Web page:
Kevin Sonmor at Katzman Contemporary | David Merritt at Jessica Bradley
June 17, 2014

There are times when the critical faculties and the vagaries of taste hew different paths. Such a thing happened when I first entered Katzman Contemporary's current exhibition of Kevin Sonmor's paintings and my eyes went, "Erg. I don't think I like this." Perhaps it was the glossy brushwork or the prominent cluster of grapes, but I found myself making a gut decision two steps through the doorway. Then I took a couple more steps to figure out what it was that I thought I was seeing and by the time I'd finished the circuit of eleven painting both large and small I was at a different place than where I'd begun with my senses and sensibility back in sync.

Kevin Sonmor, Again... How High was the Limit?, 2014, oil on linen

Sonmor hangs out at that place between figuration and abstraction that I find most engaging, but his manner of spreading pigment on canvas harkens back to older styles that foreground their lushness rather than playing it cool like a lot of contemporary painting. Three works into my first circuit I was reminded of Attila Richard Lukacs' combination of classical technique and modern continent. A couple more steps drew my attention to Sonmor's wonderfully explosive flowers and his daringly emptied middle grounds. I was getting used to their shiny surfaces and spending more time examining the dense combinations of colour that could be found in every corner. His repertoire of repeated objects – flowers, grapes, and a small boat – still stuck out like sore thumbs on otherwise allover surfaces but their function as elements in the painting rather than parts of a picture elicited further reflections on the nature of this strange task artists keep taking up: turning an unremarkable flat square into something that demands and rewards sustained looking. I left the gallery not in love but illuminated.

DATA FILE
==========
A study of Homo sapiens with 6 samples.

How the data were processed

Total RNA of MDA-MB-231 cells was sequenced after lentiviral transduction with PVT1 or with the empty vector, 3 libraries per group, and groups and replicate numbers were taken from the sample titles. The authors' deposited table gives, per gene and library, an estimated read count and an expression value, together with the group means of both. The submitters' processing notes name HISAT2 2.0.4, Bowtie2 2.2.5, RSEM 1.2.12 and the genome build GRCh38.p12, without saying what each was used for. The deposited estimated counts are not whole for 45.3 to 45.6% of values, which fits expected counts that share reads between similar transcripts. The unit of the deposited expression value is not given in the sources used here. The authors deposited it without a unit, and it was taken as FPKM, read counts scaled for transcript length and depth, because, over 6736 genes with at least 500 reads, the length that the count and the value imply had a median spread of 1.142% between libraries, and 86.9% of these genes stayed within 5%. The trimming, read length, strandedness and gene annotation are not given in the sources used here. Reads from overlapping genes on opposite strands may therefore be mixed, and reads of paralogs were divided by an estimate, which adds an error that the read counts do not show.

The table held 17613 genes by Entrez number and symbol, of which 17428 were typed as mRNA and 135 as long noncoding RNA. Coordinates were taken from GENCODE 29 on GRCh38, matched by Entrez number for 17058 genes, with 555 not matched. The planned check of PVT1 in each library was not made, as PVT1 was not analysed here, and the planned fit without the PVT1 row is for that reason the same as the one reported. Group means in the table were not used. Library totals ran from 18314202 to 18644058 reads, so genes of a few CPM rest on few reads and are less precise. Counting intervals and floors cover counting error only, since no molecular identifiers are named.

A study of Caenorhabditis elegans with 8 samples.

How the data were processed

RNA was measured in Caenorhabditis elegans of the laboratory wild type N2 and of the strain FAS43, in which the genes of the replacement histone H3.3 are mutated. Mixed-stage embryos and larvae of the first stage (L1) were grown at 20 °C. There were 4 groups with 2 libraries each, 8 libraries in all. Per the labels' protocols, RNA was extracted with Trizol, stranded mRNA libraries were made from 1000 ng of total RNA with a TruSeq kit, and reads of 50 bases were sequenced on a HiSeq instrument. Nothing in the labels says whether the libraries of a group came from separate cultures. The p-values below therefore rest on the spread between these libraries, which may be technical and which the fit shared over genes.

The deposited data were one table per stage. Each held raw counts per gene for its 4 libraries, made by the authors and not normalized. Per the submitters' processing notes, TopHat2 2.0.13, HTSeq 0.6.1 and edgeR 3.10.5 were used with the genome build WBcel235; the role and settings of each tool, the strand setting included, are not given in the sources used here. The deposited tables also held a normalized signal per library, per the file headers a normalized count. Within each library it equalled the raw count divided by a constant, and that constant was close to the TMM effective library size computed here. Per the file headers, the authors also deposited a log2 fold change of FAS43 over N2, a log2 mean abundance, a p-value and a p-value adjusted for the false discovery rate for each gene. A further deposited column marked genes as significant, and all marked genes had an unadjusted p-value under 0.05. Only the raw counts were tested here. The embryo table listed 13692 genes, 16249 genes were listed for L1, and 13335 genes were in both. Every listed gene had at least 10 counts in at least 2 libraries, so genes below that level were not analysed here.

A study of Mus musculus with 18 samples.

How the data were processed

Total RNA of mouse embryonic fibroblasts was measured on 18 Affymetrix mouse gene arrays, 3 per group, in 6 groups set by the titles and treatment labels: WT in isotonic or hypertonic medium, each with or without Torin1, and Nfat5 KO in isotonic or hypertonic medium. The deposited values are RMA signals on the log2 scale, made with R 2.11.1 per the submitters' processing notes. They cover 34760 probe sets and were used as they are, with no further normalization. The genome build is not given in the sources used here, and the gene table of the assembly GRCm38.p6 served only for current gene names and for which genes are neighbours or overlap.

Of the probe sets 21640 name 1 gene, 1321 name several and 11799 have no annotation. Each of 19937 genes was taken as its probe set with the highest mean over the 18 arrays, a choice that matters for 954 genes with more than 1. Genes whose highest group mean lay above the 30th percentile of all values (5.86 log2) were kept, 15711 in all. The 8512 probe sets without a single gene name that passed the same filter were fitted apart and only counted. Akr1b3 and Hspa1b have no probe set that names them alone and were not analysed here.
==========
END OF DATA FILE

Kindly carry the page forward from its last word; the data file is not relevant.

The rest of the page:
David Merritt, rope (detail), 2010-2014, sisal rope fibre

David Merritt exemplifies the character of the artist as alchemist. He transforms base substances into gold. Or rather, he takes the mundane – be it a length of rope or a word on a page – and turns it into something, if not magical, then at least memorable. The big star in his current exhibition at Jessica Bradley's is a tree that rises up to the ceiling from an arm-thick rope-trunk of sisal fibre. The dense tangle of gold foliage is closer to hair than leaves, but my first reaction is to see the millions of nerves that make up a brain and bundle into the spine at their base. Trees are rich with metaphor – which is why artists keep on depicting them – and this one could be sat under for long hours before it exhausted any possible connotations.

At the opposite end of the biomorphic spectrum from the complex life form of Merritt's tree are single celled watercolours most often divined from a single word written on paper that is then soaked so the colour runs to establish its own outline. The resulting bodies are so frail they appear translucent and mysterious phantom organs can be found inside. Like the world under a microscope, these works reveal the wonder of life at its most basic. These organisms are so primitive their identity is solely defined by a hair-thin limit within the void, yet they too manage to possess some sense of poetry somewhere in the fragile randomness of their creation.

Katzman Contemporary:
Kevin Sonmor: The Utilitarians continues until July 5.

Jessica Bradley Inc.:
David Merritt: saer continues until July 5.

Terence Dick is a freelance writer living in Toronto. His art criticism has appeared in Canadian Art, BorderCrossings, Prefix Photo, Camera Austria, Fuse, Mix, C Magazine, Azure, and The Globe and Mail. He is the editor of Akimblog. You can follow his quickie reviews and art news announcements on Twitter @TerenceDick.